New intervention training for DCSO deputies

Here’s good news about DCSO, reprinted from The Bulletin.

A few brief Tumalo Lookout comments follow below the story.


Deschutes County sheriff’s deputies to get intervention training

Verbal Judo Institute president will teach course

By GARRETT ANDREWS The Bulletin

Sep 15, 2020 Updated 1 hr ago

Deschutes County Sheriff
Deschutes County Sheriff’s Office deputy Submitted photo

Deputies with the Deschutes County Sheriff’s Office are being trained to speak up when they see a coworker breaking the law or department policy through a course in officer intervention training.

Mike Siegfried, president of The Verbal Judo Institute, is teaching a program for deputies over two sessions this month and next focusing on communication in difficult situations.

Officers failing to act to stop their peers from misconduct is thought to be one of the factors responsible for fatal police encounters in the U.S. In May, three Minneapolis officers watched for more than eight minutes as an officer knelt on the neck of Black man George Floyd and appeared to do nothing to stop it.

A number of police agencies in Oregon now have their own “duty to intervene” policies and this year, the Oregon Legislature passed House Bill 4205, establishing a police officer’s “duty to intervene” when witnessing another officer engage in misconduct.

Given the new legislation and the national conversation around police misconduct, many agencies are crafting policies or reinforcing existing ones with training, according to Eriks Gabliks, director of the state police academy in Salem.

An officer’s duty to intervene is one aspect of the larger law enforcement issue of conflict deescalation, Gabliks said.

“Deescalation isn’t just communication,” Gabliks said. “It starts when we arrive somewhere. It could be keeping our distance from someone, or how we approach somebody and interact with them.”

Officers of the Portland Police Bureau will be trained through a program called ABLE, Active Bystanders in Law Enforcement, which was developed by the Georgetown University law school.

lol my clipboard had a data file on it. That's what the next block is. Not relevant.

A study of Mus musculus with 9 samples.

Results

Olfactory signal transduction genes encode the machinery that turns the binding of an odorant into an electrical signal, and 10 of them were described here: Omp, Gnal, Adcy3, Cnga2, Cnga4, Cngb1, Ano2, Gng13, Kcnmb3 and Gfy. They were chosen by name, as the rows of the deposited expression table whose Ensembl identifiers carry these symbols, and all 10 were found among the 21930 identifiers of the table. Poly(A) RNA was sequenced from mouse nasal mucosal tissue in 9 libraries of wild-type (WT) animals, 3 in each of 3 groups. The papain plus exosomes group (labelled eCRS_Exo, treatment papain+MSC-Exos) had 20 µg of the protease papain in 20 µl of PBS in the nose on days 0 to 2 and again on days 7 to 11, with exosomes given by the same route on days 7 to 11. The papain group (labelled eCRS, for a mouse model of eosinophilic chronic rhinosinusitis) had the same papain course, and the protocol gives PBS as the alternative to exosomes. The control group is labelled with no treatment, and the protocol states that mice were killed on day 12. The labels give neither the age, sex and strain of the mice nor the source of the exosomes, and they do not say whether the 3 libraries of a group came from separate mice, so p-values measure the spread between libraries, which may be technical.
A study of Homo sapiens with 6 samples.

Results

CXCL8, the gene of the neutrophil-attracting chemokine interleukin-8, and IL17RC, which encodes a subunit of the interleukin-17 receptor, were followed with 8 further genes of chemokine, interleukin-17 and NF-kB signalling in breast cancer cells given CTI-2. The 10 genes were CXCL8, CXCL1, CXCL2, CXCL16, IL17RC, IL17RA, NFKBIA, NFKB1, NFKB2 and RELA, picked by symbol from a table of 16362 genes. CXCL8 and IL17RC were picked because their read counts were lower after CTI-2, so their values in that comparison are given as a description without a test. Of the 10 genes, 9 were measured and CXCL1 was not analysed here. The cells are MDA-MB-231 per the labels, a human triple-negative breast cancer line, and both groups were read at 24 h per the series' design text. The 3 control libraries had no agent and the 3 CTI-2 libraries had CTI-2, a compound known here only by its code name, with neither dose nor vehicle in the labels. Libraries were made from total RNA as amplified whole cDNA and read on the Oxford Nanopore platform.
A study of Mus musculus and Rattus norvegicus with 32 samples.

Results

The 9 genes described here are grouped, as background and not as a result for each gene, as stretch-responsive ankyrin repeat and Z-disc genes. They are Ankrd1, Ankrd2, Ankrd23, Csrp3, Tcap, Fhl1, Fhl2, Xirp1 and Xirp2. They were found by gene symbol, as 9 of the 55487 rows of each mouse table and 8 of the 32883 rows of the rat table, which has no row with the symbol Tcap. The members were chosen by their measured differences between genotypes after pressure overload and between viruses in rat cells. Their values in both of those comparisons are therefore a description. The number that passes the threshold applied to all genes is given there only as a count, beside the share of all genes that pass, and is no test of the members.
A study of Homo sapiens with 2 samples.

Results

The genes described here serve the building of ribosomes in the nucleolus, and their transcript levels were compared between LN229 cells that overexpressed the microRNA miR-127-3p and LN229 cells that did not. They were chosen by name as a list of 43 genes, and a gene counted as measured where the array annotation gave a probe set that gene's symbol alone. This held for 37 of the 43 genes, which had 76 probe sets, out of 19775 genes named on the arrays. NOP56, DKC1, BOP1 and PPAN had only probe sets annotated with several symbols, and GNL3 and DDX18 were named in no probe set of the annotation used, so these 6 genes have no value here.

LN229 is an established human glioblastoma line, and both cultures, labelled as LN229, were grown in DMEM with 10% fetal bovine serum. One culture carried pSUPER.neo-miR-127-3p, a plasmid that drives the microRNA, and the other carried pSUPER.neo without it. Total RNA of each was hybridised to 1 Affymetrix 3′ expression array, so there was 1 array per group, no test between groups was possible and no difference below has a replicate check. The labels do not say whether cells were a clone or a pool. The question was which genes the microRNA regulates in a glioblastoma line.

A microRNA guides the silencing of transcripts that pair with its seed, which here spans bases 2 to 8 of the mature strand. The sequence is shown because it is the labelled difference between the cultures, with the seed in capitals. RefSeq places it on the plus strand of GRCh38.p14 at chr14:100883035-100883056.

Bend Police Department held intervention training and reporting following the special legislative in June. Spokeswoman Lt. Juli McConkey said staff regularly trains in de-escalation and crisis intervention, which his more focused on intervention in a high stress situation or for people in a crisis.

An earlier attempt by Deschutes County Sheriff’s Office to hold officer intervention training was upended when the sheriff’s office consultant, Greg Walker, came under fire for hostile and offensive social media posts. At the time, Walker described his training as a Verbal Judo Institute course.

Sheriff Shane Nelson has been criticized for going around the county’s public bidding process to offer Walker, his friend, the $8,000 contract to hold the training.

This week, Siegfried sought to distance his group from Walker.

“He has no affiliation with us other than he co-authored a book with our late founder in 2007,” Siegfried said in an email to The Bulletin. “We have crafted our program to fill the expressed needs of our client. It is our training not Mr. Walker’s.”

Siegfried also disagreed with an assertion by Deschutes County District Attorney John Hummel that Verbal Judo supports a “warrior mentality” in law enforcement, though he agreed that mindset was inappropriate in law enforcement.

“Police should be guardians not warriors,’ Siegfried said. “After all, police and all first responders are also members of the community. They are mothers, fathers, sons and daughters and every first responder returns to the community when their work shift is completed and when they retire.”

Siegfried said Verbal Judo is focused on demonstrating dignity and respect for all people. He defended the group’s name.

“A study of the word “judo” can be revealing to our approach,” Siegfried said. “’Ju’ in Japanese means gentle and “do” means way. Verbal Judo is the gentle way of communicating with another human being. We think the world could use a lot more of that right now.”

Reporter: 541-383-0325,

gandrews@bendbulletin.com


From The Tumalo Lookout

The Bulletin’s story may be a bit confusing to some readers, because it discusses two related issues of conflict de-escalation and cop-to-cop intervention. Both are necessary components of law enforcement training, and both can save lives.

Conflict de-escalation and cop-to-cop intervention

Conflict de-escalation training focuses on methods cops can use in the field to try to “de-fuse” volatile situations before they turn violent. These methods can sometimes be very effective. I’ve observed them used successfully by DCSO deputies on a ride-along in South County, and I’m really impressed by how well our deputies handled that situation.

Cop-to-cop intervention will, hopefully, help cops learn how to de-escalate the conduct of their own fellow officers during potentially volatile incidents. This kind of training is needed because real-life complexities of cop culture often make “standing up” to your colleagues both difficult and risky.

You can read more about these training issues here.